September 24, 2010 |
In what may well be one of the last aviation firsts, a University of Toronto graduate student has fulfilled an ancient dream that dates back at least to the Greek legend of Daedalus and Icarus — human-powered flight. In an ungainly wing-flapping craft, or ornithopter, built by students at the university, Todd Reichert made history last month by sustaining both altitude and airspeed for 19.3 seconds, traveling a little more than 145 yards at an average speed of about 16 mph. The flight, conducted at sunrise Aug. 2 at the Great Lakes Gliding Club in Tottenham, Ontario, was witnessed by a vice president of the Federation Aeronautique Internationale, which certifies aviation records.
CALIFORNIA | LOCAL
April 2, 1988 |
High winds on Saturday forced pilot Greg Zack, 26, of Lexington, Ky., to cancel his bid for a world flight record aboard the human-powered Daedalus light aircraft. The next attempt will probably be on Monday, flight engineers said.
November 24, 1985 |
"World's Fair" is E. L. Doctorow's portrait of the artist as a young child. The author's alter-ego, Edgar Altschuler, grows into an awareness that the world stretches far beyond the protective confines of a Bronx Jewish household. It was a quieter passage than Stephen Daedalus' vehement breakout from a constricted Dublin youth, and conducted with far greater cautiousness.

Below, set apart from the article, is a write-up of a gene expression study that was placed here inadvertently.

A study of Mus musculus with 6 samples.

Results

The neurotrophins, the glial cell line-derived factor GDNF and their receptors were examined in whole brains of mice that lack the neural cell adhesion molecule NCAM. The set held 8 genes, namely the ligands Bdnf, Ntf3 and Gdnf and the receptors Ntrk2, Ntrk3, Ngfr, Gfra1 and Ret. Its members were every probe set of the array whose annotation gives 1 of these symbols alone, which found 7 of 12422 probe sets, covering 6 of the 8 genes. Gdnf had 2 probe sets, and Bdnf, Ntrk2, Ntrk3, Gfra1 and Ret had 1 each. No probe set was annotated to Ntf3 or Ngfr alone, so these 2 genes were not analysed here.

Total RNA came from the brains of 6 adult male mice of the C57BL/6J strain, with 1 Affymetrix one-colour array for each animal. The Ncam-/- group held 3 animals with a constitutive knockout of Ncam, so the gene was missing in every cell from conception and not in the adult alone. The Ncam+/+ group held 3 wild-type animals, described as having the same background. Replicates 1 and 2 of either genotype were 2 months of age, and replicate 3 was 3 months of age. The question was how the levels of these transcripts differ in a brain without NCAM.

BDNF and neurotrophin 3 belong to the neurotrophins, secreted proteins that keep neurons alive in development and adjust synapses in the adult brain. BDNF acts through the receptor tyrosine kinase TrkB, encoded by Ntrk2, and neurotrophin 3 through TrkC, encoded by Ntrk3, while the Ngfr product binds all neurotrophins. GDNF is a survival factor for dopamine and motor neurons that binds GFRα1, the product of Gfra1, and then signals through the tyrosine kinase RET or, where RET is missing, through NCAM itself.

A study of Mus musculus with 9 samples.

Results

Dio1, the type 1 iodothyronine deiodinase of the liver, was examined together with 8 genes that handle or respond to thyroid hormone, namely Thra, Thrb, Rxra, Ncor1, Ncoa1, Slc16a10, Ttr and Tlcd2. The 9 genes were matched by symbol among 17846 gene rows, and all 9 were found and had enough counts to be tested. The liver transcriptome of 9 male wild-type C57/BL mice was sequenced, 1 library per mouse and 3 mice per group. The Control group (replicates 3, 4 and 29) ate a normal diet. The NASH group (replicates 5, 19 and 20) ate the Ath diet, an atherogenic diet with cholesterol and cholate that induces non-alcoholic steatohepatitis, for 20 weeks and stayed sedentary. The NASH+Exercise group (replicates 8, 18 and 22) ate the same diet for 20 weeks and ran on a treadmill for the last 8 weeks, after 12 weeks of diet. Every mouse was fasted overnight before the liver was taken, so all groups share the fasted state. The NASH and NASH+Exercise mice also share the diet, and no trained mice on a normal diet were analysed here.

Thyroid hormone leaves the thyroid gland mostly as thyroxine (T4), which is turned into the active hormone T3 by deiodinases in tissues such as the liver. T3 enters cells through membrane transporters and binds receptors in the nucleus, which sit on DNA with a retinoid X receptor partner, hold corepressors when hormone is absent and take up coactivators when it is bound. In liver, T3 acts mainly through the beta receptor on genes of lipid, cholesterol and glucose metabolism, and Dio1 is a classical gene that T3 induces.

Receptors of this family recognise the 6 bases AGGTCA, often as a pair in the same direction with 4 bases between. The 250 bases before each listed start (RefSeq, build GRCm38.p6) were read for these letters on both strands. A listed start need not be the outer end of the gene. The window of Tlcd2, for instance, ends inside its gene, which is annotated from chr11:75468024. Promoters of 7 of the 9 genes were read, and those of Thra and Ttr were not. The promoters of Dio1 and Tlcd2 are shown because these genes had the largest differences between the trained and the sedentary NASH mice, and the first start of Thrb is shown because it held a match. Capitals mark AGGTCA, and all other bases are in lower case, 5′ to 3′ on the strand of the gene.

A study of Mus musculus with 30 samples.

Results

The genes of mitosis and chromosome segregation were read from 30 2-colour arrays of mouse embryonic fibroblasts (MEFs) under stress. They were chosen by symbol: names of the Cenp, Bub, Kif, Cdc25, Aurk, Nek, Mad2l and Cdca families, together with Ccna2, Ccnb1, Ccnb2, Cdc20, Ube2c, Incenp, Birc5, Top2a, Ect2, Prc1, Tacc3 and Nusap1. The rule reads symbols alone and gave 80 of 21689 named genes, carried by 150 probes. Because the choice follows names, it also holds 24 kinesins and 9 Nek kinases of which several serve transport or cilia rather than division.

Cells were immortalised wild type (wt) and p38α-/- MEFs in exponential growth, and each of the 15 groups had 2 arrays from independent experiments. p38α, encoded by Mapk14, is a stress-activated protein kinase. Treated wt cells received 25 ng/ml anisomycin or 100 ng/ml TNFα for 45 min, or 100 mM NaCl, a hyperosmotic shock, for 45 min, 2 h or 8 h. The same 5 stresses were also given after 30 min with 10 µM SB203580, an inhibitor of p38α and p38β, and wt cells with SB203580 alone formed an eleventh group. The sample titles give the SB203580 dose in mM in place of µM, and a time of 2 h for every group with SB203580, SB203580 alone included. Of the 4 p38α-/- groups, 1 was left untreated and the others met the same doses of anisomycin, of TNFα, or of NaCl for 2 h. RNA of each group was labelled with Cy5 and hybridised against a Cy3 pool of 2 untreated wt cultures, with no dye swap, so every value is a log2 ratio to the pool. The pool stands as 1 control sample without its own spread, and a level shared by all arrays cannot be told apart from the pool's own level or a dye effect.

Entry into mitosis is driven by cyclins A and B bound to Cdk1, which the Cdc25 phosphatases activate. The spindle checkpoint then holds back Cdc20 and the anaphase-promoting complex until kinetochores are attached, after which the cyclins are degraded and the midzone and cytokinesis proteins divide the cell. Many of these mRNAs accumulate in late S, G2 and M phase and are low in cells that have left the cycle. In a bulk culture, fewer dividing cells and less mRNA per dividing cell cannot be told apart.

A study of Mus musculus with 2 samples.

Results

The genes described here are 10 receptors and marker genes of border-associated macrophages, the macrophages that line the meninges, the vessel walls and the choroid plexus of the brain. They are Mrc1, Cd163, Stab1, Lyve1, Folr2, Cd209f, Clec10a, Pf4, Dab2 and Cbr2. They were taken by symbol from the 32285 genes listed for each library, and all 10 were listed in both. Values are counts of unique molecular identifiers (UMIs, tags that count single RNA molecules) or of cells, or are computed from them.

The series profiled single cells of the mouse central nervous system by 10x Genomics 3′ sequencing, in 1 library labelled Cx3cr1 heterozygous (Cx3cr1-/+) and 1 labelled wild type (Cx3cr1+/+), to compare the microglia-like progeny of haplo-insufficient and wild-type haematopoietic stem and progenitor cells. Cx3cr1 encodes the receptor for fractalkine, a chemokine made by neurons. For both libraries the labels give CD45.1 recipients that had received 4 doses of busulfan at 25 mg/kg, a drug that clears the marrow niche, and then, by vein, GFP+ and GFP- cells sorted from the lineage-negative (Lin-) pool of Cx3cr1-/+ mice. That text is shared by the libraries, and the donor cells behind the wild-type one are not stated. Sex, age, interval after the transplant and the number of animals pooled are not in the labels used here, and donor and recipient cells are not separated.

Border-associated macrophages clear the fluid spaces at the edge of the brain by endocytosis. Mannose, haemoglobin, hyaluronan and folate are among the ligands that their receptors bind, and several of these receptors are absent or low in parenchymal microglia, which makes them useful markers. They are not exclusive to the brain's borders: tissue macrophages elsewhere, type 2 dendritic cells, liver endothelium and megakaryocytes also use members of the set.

August 19, 1990 |
On April 24, 1988, a Greek athlete pedaled a super-lightweight airplane 70 miles across the Aegean Sea from Crete to Santorini in the longest human-powered flight in history. The fragile craft disintegrated at its destination and, similarly, the crew that launched it scattered like broken glass. Gary Dorsey reconstructs both for us in a narrative remarkable for its insights as well as its omissions.
January 14, 1988 |
It looked like a sequel to "Revenge of the Nerds." "Faster! Pick it up!" the gawky MIT aeronautical engineering student barked at the panting athlete he had strapped into a computerized exercise contraption. While one grimaced, the other smiled slightly and punched buttons on a calculator. What looked like like torture, though, was really teamwork. The nerds and the jocks have united in this high desert town, and if all goes well, they'll achieve something neither could do alone.
March 11, 2002 |
For nearly 500 years, admirers have wondered what Leonardo da Vinci was thinking when he bestowed that unforgettable trace of a smile on Mona Lisa. It is hard to imagine an explanation stranger or more fanciful than the one David Davalos concocts in his play, "Daedalus." The curious can check out a staged reading of "Daedalus" tonight at South Coast Repertory in Costa Mesa.